Saturday, October 10, 2009
Mexican Resolution on Discrimination against Women
The Human Rights Council on Friday last approved a resolution tabled by Mexico and Columbia on the Elimination of Discrimination Against Women. The resolution was approved by consensus.
This hotly debated resolution originally attempted to create a new mandate within the Human Rights Council by the appointment of an independent expert on “laws that discriminate against women”
The scope of the proposed mandate in the resolution was unclear and whilst it was accepted that there are very real problems of discrimination that require urgent attention nevertheless the mandate originally called for in the draft resolution had the potential to be used for many other so-called areas of discrimination against women such as lack of access to abortion.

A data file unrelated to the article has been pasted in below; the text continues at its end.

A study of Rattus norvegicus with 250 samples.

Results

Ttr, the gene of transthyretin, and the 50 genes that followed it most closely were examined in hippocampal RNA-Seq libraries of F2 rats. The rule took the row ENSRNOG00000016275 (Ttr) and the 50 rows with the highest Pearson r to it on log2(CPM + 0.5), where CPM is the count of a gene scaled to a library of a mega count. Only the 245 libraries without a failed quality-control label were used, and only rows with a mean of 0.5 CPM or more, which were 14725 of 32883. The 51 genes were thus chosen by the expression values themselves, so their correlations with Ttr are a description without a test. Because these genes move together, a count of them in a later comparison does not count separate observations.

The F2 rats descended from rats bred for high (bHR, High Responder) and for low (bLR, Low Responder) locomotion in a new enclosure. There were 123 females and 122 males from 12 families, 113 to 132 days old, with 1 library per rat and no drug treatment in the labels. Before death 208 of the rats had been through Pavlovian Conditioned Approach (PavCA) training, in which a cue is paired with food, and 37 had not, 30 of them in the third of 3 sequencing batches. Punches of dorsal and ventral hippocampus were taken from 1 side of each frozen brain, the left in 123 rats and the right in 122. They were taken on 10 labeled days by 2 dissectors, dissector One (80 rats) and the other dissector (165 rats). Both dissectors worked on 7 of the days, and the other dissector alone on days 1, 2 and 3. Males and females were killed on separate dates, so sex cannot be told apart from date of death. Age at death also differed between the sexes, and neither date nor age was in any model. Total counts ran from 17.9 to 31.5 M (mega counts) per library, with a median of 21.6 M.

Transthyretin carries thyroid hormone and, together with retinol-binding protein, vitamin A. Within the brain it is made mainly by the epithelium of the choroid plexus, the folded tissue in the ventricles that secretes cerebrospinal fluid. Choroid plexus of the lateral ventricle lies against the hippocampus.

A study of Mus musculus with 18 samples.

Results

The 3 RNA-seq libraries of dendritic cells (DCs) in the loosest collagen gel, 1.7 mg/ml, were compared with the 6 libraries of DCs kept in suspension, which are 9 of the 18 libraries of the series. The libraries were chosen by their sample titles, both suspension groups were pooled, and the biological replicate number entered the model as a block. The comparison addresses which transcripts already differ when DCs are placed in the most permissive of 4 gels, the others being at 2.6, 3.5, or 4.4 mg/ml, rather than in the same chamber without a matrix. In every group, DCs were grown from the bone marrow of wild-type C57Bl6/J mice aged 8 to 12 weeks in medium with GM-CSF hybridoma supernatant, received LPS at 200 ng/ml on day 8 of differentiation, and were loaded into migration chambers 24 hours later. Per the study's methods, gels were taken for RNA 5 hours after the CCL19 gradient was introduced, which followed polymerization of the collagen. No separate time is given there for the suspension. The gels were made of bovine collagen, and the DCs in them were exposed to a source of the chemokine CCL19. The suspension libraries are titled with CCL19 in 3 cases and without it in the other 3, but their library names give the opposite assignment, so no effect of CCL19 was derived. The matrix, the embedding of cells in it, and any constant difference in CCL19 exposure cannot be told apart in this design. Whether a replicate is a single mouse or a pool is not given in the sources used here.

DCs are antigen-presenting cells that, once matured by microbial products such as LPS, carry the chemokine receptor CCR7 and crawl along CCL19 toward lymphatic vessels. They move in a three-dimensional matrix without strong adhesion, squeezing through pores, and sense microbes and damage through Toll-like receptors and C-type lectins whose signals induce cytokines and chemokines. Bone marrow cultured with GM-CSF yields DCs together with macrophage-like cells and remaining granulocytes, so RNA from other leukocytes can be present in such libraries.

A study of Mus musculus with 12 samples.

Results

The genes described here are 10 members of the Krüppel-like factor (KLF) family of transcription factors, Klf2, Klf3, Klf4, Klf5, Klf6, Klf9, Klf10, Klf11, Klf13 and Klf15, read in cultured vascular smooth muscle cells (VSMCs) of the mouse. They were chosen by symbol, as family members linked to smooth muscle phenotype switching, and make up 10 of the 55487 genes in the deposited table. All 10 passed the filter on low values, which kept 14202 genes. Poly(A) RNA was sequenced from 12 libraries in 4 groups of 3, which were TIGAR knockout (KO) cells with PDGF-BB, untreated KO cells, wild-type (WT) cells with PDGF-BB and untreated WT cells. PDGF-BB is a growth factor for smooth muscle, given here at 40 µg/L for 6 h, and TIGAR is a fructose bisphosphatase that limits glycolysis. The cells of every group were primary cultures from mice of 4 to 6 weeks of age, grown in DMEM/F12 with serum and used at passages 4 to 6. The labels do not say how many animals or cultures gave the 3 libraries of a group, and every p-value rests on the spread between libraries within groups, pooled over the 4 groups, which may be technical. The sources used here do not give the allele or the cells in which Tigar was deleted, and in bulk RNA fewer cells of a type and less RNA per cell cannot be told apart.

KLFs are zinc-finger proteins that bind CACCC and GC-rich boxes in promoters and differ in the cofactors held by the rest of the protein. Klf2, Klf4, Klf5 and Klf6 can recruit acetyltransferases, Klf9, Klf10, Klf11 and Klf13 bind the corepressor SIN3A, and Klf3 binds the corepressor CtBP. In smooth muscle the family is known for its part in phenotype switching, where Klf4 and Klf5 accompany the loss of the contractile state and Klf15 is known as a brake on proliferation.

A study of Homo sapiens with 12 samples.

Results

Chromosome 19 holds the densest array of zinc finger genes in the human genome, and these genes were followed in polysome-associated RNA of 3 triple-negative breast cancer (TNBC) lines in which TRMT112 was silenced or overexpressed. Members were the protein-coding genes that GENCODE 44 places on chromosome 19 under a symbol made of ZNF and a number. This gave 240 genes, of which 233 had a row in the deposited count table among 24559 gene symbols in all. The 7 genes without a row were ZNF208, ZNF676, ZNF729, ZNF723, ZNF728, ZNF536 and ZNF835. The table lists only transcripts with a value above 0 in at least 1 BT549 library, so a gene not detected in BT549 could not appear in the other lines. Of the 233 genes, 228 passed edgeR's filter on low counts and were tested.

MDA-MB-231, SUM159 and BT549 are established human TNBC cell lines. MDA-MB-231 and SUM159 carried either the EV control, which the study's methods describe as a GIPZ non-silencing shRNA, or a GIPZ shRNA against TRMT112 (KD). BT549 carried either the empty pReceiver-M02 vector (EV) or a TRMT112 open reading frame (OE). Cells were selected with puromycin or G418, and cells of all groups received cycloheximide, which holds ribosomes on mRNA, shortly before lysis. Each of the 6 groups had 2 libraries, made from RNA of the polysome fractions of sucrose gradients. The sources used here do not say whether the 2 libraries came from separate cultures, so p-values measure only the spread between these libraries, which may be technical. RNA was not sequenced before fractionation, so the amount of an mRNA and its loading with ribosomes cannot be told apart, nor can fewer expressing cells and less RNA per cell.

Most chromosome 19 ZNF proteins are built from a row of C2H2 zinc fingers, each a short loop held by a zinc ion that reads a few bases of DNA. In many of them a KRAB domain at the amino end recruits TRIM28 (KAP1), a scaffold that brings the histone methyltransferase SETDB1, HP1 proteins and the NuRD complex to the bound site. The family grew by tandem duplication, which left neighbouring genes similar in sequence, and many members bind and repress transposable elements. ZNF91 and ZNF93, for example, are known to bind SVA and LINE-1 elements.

The new mandate was proposed despite the fact that there are many existing instruments dealing with discrimination against women such as Convention on the Elimination of Discrimination Against Women (CEDAW) and the Commission on the Status of Women, as well as a special rapporteur for violence against women. The new mandate was also proposed, despite the fact that the United Nations General Assembly in September adopted a resolution on gender equality and women's rights for the creation of a new United Nations agency for global Gender Equality Architecture Reform GEAR.
The final version of the resolution dropped the proposal to create a new mandate and instead requested the High Commissioner to prepare a thematic study on women’s equality before the law, to address the new “thematic study”, including conclusions and recommendations, at its fourteenth session, and to hold a half-day discussion on the issue in order to consider taking further possible action on discrimination against women at that session.